AI news

Generating images using artificial intelligence (AI) requires organizations to be able to navigate copyright issues that can become thorny if there isn’t a lot of supervision. Organizations that create content for profit don’t want the images they create being used in the future to train an AI model that can be used by anyone to create images based on content they created. This concern is giving rise now to enterprise editions of AI platforms that provide guardrails that impose limits on how proprietary intellectual property (IP) is employed within the context of an AI model.

A case in point is Invoke, a provider of an open source AI platform for generating images, that is now making available an enterprise edition of the platform. The commercial offering makes it possible for enterprise IT organizations to create their own models based on the Invoke platform that only their employees can access using a single tenant platform that provides access to role-based access control (RBACs), single sign-on (SSO) capabilities and support for custom settings for project spaces that can only be accessed by invitation.

That’s critical because not every end user understands how intellectual property (IP) might one day find its way into the public domain when it’s used to train an AI platform such as ChatGPT that is made available to the general public. As a result, many organizations are restricting usage of public AI platforms out of fear of losing control of their IP, notes Invoke CEO Kent Keirsey.

An enterprise edition of the open source AI platform provides all the training benefits of a collaborative approach to training in a way that eliminates any chance IP will inadvertently wind up being incorporated into a future release of the open source AI platform, says Keirsey.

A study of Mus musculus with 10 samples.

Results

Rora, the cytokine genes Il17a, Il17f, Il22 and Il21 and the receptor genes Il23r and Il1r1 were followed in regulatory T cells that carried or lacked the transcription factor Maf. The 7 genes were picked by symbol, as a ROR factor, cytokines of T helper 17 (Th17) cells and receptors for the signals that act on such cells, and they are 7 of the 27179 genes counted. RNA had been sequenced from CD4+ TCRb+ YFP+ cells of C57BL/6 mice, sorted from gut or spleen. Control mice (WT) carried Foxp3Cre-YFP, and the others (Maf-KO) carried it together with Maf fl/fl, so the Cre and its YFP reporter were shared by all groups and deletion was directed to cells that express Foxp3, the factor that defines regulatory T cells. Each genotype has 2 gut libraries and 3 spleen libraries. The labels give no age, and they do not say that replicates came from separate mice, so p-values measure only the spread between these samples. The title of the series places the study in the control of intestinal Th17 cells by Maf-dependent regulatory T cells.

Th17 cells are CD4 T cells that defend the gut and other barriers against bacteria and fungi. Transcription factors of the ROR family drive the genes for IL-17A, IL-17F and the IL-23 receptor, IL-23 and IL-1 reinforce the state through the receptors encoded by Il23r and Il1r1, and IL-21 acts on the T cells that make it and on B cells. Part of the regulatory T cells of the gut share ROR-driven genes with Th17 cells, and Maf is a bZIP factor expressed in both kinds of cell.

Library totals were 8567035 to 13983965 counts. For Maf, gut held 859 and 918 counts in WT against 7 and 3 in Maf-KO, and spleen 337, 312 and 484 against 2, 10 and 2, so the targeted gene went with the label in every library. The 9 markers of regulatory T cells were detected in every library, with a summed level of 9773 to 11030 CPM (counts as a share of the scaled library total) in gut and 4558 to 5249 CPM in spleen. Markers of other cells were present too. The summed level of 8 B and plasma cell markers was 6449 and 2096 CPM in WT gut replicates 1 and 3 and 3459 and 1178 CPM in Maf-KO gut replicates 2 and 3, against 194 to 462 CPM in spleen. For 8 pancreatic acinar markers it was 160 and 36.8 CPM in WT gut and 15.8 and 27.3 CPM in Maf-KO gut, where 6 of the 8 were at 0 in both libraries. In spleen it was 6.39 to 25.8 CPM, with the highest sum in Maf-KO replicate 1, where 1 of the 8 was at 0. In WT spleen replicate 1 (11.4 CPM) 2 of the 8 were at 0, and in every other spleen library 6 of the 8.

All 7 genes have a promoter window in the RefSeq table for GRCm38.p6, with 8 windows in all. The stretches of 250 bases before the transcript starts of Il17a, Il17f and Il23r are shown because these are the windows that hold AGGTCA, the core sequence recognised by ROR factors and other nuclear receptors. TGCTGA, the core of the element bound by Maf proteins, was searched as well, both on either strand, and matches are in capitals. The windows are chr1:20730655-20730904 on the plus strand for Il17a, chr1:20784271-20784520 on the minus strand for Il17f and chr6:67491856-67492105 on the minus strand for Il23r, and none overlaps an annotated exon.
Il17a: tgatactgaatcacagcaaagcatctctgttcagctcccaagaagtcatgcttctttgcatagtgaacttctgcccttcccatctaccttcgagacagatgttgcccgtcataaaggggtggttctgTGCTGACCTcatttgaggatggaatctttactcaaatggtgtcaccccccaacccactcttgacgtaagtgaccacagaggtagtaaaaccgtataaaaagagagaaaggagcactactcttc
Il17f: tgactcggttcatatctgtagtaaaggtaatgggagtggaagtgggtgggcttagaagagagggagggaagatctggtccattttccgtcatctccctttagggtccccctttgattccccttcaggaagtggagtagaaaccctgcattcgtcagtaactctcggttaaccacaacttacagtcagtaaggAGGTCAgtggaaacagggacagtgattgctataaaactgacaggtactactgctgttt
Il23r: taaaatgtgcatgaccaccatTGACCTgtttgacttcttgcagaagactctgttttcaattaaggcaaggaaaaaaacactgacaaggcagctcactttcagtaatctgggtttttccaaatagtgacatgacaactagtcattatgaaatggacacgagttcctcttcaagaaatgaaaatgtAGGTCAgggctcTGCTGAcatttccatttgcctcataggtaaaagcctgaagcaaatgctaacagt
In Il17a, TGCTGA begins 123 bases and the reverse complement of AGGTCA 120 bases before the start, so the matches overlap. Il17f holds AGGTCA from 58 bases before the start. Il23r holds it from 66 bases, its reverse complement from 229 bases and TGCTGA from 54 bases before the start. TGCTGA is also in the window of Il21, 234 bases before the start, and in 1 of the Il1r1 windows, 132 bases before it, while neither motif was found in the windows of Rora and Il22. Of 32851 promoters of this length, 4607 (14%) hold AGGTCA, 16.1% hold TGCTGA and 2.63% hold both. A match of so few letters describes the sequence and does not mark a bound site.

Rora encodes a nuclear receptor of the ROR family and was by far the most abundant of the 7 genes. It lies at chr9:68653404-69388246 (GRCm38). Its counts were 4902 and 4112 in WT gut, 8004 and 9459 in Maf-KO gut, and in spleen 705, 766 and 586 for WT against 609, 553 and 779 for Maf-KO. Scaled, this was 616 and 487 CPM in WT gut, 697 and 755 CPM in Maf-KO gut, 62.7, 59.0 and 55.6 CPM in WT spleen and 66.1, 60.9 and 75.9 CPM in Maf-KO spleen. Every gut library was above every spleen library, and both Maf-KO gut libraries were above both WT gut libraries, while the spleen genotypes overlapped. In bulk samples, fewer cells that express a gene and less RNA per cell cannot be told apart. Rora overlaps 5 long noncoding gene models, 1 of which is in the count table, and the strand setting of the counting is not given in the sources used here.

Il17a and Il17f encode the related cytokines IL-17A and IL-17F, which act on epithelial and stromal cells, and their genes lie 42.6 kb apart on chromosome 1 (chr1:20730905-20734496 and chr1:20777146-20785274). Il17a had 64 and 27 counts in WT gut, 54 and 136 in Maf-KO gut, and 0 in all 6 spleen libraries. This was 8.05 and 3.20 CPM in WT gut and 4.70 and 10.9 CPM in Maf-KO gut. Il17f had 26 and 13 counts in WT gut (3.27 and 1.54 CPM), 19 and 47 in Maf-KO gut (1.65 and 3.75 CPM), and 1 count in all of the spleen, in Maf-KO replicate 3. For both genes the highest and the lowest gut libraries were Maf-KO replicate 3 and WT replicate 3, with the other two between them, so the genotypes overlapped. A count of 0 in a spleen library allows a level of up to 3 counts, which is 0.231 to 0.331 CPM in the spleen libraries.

In addition, that approach enables organizations to train an AI model using their own semantics that describe various business processes. Every organization has its own nomenclature that an open source AI model isn’t going to understand without additional training, he adds. “They need to add their own semantic layers,” adds Keirsey.

Finally, organizations also get the added benefit of being able to add additional third-party AI models downloaded from repositories such as Hugging Face as they see fit, says Keirsey.

There are, of course, no shortage of options when it comes to using AI models to generate images. The challenge is now every end user appreciates the implications of exposing IP to those models. Customizing AI models gives enterprise IT organizations more control over how AI models are being employed within the context of their proprietary data.

Each organization will need to decide to what degree they are comfortable sharing data with public AI platforms, but historically most organizations are wary of sharing anything that might result in a loss of control of their IP. Once lost, it’s all but impossible to recover control of that IP once an AI model has been trained on it.

It’s still early days in terms of how enterprise organizations will operationalize AI, but given the sensitivity of the data being used to train AI models, most of them are going to opt to be safe now rather than sorry later.